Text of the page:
American Badger

Class: Mammalia  
Family: Mustelidae
Species: Taxidea taxus
Range: Although most prevalent in the American Great Plains they can be found all over North America, from Canada down into mountainous areas of Mexico.
Habitat: Prefer dry open grasslands and prairies or mountainous meadows.
Diet: Primarily carnivorous, preying upon small mammals such as pocket gophers and prairie dogs, as well as fish, insects, ground dwelling birds, lizards, and amphibians; will sometimes consume plant material like sunflower seeds and corn.
Lifespan: in the wild 5-10 years, captivity over 20 years.

Turtle Bay America Badger Redding California.jpg


Found along the road in southern Oregon orphaned after his mom was hit by a car. Arrived at Turtle Bay August 16, 2011 at about 5 months of age. Digger is the smartest mammal that the Turtle Bay trainer’s have trained.  He learns new behaviors in as little as one or two sessions. Digger made his national debut on television playing Bucky the Badger on the hit show New Girl in spring 2013.  Digger’s favorite treat is honey.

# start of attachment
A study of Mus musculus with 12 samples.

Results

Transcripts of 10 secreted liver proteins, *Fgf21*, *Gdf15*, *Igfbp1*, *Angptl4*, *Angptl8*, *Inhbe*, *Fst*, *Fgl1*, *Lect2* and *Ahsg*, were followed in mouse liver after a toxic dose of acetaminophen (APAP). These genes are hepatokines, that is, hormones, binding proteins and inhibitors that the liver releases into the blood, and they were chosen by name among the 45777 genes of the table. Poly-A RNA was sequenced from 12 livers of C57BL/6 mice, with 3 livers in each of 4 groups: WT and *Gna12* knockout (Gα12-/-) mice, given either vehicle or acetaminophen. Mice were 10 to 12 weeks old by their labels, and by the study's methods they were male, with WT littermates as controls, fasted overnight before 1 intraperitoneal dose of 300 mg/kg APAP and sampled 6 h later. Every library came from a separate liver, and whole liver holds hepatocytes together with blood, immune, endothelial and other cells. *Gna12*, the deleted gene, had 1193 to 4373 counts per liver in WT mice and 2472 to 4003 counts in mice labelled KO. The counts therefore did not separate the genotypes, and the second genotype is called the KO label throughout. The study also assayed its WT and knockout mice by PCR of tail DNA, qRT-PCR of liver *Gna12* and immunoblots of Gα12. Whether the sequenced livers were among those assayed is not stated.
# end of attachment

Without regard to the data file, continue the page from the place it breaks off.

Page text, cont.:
Interested in the Adopt-An-Anamal program? Click link below. 

Fun Facts

  • Mostly solitary animals.

  • Fantastic diggers! Badgers are equipped with large front claws to dig burrows and look for their favorite food of burrowing mammals. They are able to dig about 3-feet a minute! Their toes are semi-webbed to aid in pulling the dirt out, acting like a shovel.

  • They will also dig burrows for living in, called a "sett", and may have several throughout their territory. In the summer, they may make a new one on a daily basis. The burrows can be over 3-meters deep and have several meters of tunnels. 

  •  The badger and the coyote have been known to work together in cooperative predation because of their similar prey and different hunting methods. Badgers dig out the animals, pushing them out of burrows into open land, where the coyote will chase it down. In chasing the prey, coyotes will also scare animals into burrows where the badger is waiting.

  • Farmers don't appreciate badger holes as livestock often trip in them and break legs, but they are important in keeping rodent populations down. 

  • Able to eat rattlesnakes, they have some immunity to the venom if bitten.